By Keith Eddings
---- — LAWRENCE - All 31 firefighters facing layoffs next month will stay on the job at least until August after the federal government agreed to extend the city’s deadline for spending the last of the $6.6 million grant that is paying their salaries.
Fire Chief Jack Bergeron said he was unable to spend the grant and rehire the firefighters fast enough because of civil service hiring procedures that he said are more rigorous in Massachusetts than in most other states. Adding to the delay, he said the grant from the Federal Emergency Management Agency was months late – and was backdated – when he received it in 2011.
If FEMA had not extended the two-year deadline for spending the grant, the 31 firefighters could have lost their jobs March 17, even as $830,000 of the grant remained on the table, Bergeron said.
Last week, FEMA gave Bergeron five months more to spend the grant, allowing him to keep the 31 firefighters until Aug, 24.
The 31 jobs include all 23 that were cut by Mayor William Lantigua in July 2010 and eight that were lost to attrition under former Mayor Michael Sullivan.
“Everybody that was laid off, we’ve restored,” Bergeron said.
Bergeron also will hire another seven firefighters over the next few months, bringing the ranks to 120. That’s still 16 short of what would be needed to reopen the Tower Hill firehouse, Bergeron said.
The news isn’t all good: the added time to spend the grant means the city has nearly $1 million in unspent FEMA money in the bank as it competes with other fire departments across the United States for a second, ongoing round of grants, which could hobble the application.
Bergeron is asking for another $6 million-plus, which would keep the added firefighters on the job for at least two more years.
If the grant is not renewed after the funding runs out Aug. 24, Bergeron said the 38 newly hired firefighters – the 31 rehired over the last two years and the seven who will be hired this year - could be laid off, which he said would cause him to shut two companies and a firehouse and re-expose the city to the danger that caused the federal government to come to the rescue two years ago. The city reopened the Prospect Hill firehouse only a year ago, after closing it for more than a year.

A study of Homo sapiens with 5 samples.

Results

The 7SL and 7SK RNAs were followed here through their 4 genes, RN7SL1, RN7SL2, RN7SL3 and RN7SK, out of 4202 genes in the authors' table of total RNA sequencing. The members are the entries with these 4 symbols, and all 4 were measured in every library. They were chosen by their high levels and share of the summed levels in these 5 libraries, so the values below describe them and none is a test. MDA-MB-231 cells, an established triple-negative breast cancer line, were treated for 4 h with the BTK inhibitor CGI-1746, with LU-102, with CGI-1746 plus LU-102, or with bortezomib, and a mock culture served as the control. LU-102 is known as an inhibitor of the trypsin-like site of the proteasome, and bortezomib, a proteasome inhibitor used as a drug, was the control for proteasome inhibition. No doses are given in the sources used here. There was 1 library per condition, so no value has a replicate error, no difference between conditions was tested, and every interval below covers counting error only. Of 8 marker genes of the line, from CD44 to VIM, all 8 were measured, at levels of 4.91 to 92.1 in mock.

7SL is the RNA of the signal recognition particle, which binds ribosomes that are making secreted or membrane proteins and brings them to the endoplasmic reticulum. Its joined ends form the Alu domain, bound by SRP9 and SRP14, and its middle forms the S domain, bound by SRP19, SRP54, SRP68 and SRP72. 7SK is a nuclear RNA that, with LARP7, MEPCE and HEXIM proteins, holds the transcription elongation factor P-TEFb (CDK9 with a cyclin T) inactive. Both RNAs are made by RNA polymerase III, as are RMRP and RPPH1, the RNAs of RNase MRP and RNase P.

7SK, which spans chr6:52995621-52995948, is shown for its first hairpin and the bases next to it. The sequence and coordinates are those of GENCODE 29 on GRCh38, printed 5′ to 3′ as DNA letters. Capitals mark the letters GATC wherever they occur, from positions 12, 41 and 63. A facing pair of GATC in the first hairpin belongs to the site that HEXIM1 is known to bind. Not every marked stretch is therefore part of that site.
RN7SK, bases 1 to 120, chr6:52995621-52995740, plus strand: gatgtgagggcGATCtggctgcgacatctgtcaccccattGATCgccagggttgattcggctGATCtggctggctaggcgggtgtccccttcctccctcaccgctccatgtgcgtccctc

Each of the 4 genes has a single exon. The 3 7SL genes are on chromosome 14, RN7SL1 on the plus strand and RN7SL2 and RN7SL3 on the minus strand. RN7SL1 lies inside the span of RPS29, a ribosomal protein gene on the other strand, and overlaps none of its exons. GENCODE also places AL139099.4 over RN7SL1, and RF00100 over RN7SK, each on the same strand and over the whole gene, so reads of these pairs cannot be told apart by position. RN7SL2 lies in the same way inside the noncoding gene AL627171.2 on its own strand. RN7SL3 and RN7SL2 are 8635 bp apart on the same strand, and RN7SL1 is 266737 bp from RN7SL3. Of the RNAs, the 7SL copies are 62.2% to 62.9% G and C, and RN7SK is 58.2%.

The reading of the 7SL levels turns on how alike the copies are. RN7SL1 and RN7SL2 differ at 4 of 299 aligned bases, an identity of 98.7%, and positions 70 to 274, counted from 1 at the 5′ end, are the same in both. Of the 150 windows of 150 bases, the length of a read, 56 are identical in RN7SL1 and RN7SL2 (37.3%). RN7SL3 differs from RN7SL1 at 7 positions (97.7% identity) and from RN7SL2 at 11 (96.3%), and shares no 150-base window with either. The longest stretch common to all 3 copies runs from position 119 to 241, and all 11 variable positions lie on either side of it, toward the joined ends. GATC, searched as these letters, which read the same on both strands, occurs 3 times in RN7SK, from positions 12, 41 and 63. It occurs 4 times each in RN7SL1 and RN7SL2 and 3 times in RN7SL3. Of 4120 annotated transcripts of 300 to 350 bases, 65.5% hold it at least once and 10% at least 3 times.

If the FEMA grant is not renewed, Bergeron said the city would have to come up with $2 million to avoid another round of layoffs and keep the firefighters on the payroll through the end of the upcoming fiscal year. Although the grant doesn’t expire until Aug. 24, the city would have to choose between raising the money or laying off the firefighters by June 30, when it must have a budget in place for the new fiscal year that begins the next day.
Lantigua is scheduled to propose a new budget in May.
When the grant runs out Aug. 24, Lantigua will be in the thick of his re-election campaign. Although he was willing to slash both the fire and police budgets at the start of his term four years ago to keep the budget he inherited from former Mayor Sullivan in the black, he may be less willing to do the same three weeks before the Sept. 17 preliminary election.
The choice may be made easier by the fact that the city has a reserve of about $5 million in the bank, left over from its 2011-12 budget.
Lantigua did not return a phone call last week. But in the State of the City address he delivered to the City Council on Tuesday, he reminded the city that he is hiring the seven new firefighters. He did not mention that the FEMA grant may run out, but suggested how he might react if it does.
“This progress will continue under my watch,” Lantigua said about the new hires. “Our public safety budgets will not be compromised as long as I am in office.”
City Councilor Daniel Rivera, who chairs the council’s budget committee and is the only candidate besides Lantigua to announce so far, said it’s too early to say how the city should react if the grant is renewed.
“The question right now is, is there a full court press to make sure the grant comes in?” Rivera said. “We can’t just wait for Washington to say no.”
Without city or state money, Bergeron said he would look for other savings before resorting to another round of layoffs.
“I would try to reduce my operational costs to bare bones to try to keep people employed,” Bergeron said. “But you can only go so far with that.”